Subject [jira] [Commented] (CASSANDRA-4718) More-efficient ExecutorService for improved throughput
Date Sat, 17 May 2014 09:28:17 GMT


Benedict commented on CASSANDRA-4718:

[~xedin] why are you only counting the primary replica data? Requests will hit both replicas
by default? If you look at the results there is a reasonable amount of variability for both
runs, so it's not clear that one is slower or faster - there are a number of points where
4718-sep is faster than 2.1, and vice versa, and given it is disk bound I am inclined to suggest
this is not the patch making it perform worse. In fact, a majority of data points show higher
throughput for 4718-sep, not for 2.1. Your first test, every thread count below 271 is faster;
271 seems to be a blip due to a small number of very slow reads affecting the very last measurement
(there's a "race" in stress' auto mode where some measurements are still accepted after it's
decided enough have been taken, as can be seen by the final stderr being above the acceptability
point); 2.1 showed a similar effect at this tc, but smaller, so this seems likely to be random
chance. The last test it is faster for all thread counts despite some weird max latencies.
It's only the middle test where it appears to be marginally slower, and given this test performs
effectively exactly the same amount of work as the first test, I'm not sure this demonstrates
a great deal other than the variability.

It's also worth asking what your max read concurrency is? As I'm surprised to see thread counts
> 180 causing dramatic spikes in latency (both branches) when I'd expect them to be saturating
the read stage well before then?

> More-efficient ExecutorService for improved throughput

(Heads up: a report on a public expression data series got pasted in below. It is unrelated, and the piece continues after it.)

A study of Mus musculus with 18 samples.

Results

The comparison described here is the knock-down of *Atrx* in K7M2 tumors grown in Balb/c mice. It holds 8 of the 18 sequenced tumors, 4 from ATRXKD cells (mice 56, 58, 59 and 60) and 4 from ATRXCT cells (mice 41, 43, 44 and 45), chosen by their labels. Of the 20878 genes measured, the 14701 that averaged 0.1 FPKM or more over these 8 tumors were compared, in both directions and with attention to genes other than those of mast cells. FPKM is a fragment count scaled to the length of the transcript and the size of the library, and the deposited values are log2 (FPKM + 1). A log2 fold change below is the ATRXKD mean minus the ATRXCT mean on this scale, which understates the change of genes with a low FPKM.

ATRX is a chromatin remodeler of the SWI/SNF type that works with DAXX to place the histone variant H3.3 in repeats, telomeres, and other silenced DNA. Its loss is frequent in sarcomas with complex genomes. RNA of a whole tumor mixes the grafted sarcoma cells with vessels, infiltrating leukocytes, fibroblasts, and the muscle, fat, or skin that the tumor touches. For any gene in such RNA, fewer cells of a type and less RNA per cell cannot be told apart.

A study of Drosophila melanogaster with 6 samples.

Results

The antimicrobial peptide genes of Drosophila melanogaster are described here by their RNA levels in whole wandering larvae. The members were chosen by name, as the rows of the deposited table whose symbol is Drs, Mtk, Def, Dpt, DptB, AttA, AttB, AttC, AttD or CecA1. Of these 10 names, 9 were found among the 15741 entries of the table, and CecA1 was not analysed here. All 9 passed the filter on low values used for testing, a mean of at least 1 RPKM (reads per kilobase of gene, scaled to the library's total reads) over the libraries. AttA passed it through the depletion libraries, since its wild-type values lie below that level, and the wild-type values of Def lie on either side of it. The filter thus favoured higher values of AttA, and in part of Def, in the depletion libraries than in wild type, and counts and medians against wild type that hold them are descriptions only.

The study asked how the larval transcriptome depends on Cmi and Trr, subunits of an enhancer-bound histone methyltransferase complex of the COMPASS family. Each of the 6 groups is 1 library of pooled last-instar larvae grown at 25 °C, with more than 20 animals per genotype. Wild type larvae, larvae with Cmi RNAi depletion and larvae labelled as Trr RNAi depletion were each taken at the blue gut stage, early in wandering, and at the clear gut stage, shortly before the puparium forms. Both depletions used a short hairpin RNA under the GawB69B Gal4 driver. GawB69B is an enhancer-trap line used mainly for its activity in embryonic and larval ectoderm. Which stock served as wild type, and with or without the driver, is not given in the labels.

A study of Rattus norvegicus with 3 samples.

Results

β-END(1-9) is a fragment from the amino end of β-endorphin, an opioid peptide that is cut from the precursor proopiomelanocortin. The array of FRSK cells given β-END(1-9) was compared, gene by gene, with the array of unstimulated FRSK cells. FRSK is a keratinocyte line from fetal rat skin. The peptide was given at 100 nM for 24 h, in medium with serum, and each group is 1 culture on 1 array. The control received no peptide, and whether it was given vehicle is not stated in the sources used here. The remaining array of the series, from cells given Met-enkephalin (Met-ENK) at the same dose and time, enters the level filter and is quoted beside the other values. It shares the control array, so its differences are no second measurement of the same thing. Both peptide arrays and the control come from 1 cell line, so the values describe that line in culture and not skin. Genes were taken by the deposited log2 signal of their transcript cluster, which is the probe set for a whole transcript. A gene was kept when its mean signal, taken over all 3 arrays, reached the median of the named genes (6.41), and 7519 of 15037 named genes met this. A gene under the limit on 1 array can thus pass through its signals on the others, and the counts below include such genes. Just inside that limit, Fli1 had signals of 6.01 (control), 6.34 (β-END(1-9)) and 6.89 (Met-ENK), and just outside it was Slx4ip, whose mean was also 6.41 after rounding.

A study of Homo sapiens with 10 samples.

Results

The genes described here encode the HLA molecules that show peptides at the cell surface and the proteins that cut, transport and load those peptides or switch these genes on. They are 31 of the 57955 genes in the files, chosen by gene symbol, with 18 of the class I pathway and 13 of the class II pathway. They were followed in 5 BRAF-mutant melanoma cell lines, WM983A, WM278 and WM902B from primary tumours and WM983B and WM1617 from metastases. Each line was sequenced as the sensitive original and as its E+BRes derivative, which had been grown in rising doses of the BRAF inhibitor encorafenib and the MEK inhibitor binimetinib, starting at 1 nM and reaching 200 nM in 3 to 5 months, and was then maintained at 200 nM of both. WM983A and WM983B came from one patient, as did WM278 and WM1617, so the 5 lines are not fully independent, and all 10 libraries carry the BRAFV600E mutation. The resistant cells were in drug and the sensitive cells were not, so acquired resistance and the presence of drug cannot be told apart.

> ------------------------------------------------------
>                 Key: CASSANDRA-4718
>                 URL:
>             Project: Cassandra
>          Issue Type: Improvement
>            Reporter: Jonathan Ellis
>            Assignee: Benedict
>            Priority: Minor
>              Labels: performance
>             Fix For: 2.1.0
>         Attachments: 4718-v1.patch,, austin_diskbound_read.svg, aws.svg,
aws_read.svg, backpressure-stress.out.txt, baq vs trunk.png, belliotsmith_branches-stress.out.txt,
jason_read.svg, jason_read_latency.svg, jason_write.svg, op costs of various queues.ods, stress
op rate with various queues.ods, stress_2014May15.txt, stress_2014May16.txt, v1-stress.out
> Currently all our execution stages dequeue tasks one at a time.  This can result in contention
between producers and consumers (although we do our best to minimize this by using LinkedBlockingQueue).
> One approach to mitigating this would be to make consumer threads do more work in "bulk"
instead of just one task per dequeue.  (Producer threads tend to be single-task oriented by
nature, so I don't see an equivalent opportunity there.)
> BlockingQueue has a drainTo(collection, int) method that would be perfect for this. 
However, no ExecutorService in the jdk supports using drainTo, nor could I google one.
> What I would like to do here is create just such a beast and wire it into (at least)
the write and read stages.  (Other possible candidates for such an optimization, such as the
CommitLog and OutboundTCPConnection, are not ExecutorService-based and will need to be one-offs.)
> AbstractExecutorService may be useful.  The implementations of ICommitLogExecutorService
may also be useful. (Despite the name these are not actual ExecutorServices, although they
share the most important properties of one.)